Australian organ donor gives five Chinese recipients a new lease of life
Family of English teacher Philip Hancock, 27, arranged for his heart, liver, kidneys, lungs and corneas to be donated after he died from complications related to his diabetes
Five people in southwestern China have a brighter future after receiving organs donated by the family of a young Australian man who died last month, according to a local media report.
Philip Hancock, a 27-year-old who had worked for several years as an English teacher at Xinan University in Chongqing, died on May 9 from complications related to Type 1 diabetes, a week after falling into a coma, Beijing Youth Daily reported on Thursday, citing a WeChat post by his mother.
According to his father, Hancock had always been an advocate for organ donation, so when it became clear he was not going to pull through his parents made inquiries into how they could make his final wish come true.
After speaking to officials from the Australian embassy and the relevant Chinese authorities, it was agreed that their son, on his death, would donate his corneas, liver, kidneys, heart and lungs.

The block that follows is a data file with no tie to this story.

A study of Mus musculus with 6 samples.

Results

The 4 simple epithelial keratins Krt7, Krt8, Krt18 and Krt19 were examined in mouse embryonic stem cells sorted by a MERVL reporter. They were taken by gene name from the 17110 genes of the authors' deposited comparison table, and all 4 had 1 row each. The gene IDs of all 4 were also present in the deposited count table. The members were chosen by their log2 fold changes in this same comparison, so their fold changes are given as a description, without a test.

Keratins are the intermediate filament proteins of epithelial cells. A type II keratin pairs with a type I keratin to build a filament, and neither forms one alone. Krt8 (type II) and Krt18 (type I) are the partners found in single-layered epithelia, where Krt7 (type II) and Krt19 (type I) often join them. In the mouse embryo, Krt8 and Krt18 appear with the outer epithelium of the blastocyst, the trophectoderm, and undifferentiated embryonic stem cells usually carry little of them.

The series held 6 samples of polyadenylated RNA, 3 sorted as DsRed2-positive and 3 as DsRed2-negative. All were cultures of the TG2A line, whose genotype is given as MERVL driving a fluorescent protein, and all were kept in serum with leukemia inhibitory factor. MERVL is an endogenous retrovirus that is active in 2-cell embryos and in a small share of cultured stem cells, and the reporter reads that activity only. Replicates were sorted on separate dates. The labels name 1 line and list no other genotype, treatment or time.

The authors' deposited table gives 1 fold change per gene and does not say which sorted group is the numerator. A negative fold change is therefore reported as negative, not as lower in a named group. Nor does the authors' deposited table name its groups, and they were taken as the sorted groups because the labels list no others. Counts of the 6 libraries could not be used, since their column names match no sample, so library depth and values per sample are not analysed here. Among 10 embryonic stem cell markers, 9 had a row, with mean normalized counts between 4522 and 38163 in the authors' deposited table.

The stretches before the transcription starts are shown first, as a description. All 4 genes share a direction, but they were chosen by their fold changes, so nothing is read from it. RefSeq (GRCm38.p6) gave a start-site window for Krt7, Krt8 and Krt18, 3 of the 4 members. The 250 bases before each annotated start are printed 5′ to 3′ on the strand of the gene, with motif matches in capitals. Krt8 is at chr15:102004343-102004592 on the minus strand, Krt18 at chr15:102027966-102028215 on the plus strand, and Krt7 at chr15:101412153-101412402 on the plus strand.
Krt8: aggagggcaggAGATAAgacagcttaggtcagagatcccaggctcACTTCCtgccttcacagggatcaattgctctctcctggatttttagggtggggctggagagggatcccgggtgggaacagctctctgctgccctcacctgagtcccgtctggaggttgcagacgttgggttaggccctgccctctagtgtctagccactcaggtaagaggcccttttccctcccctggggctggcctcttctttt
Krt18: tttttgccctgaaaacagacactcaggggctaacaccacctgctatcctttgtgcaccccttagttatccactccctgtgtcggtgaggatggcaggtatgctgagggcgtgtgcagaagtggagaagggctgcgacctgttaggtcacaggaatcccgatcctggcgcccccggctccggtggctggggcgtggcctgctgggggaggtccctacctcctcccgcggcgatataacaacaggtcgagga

While doctors could not find a recipient for his heart and lungs, Hancock’s other organs were transplanted the day he died, making him Chongqing’s first foreign donor – and China’s seventh.
A 30-year-old woman and a 40-year-old man were the recipients of Hancock’s kidneys. They are both now recovering in hospital after their respective operations went smoothly, the newspaper report said.
A 40-year-old man who was the recipient of Hancock’s liver is also in a stable condition and out of intensive care, while the two people who received cornea transplants have already been discharged from hospital, the report said.
One of Hancock’s former students, Li Chin, described him as a good friend who had a passion for music.
“Philip loved heavy metal,” the newspaper quoted her as saying. “He was a guitarist and had been in bands since secondary school.”
He was also a fan of Chinese folk culture and even had a picture of himself dressed in an ancient military uniform while sitting on a horse, she said.
“I knew he had diabetes, but he was always careful about what he ate and had been travelling around the country, so I got the impression he was in good health,” Li said.
Although China has more than 467,000 registered organ donors – according to a report published on Wednesday on the People’s Daily website – it still faces a severe shortage.
An estimated 300,000 patients require transplants every year, but only about 16,000 operations are conducted, the report said.
The country used to use organs from executed prisoners but this practice was banned in January 2015.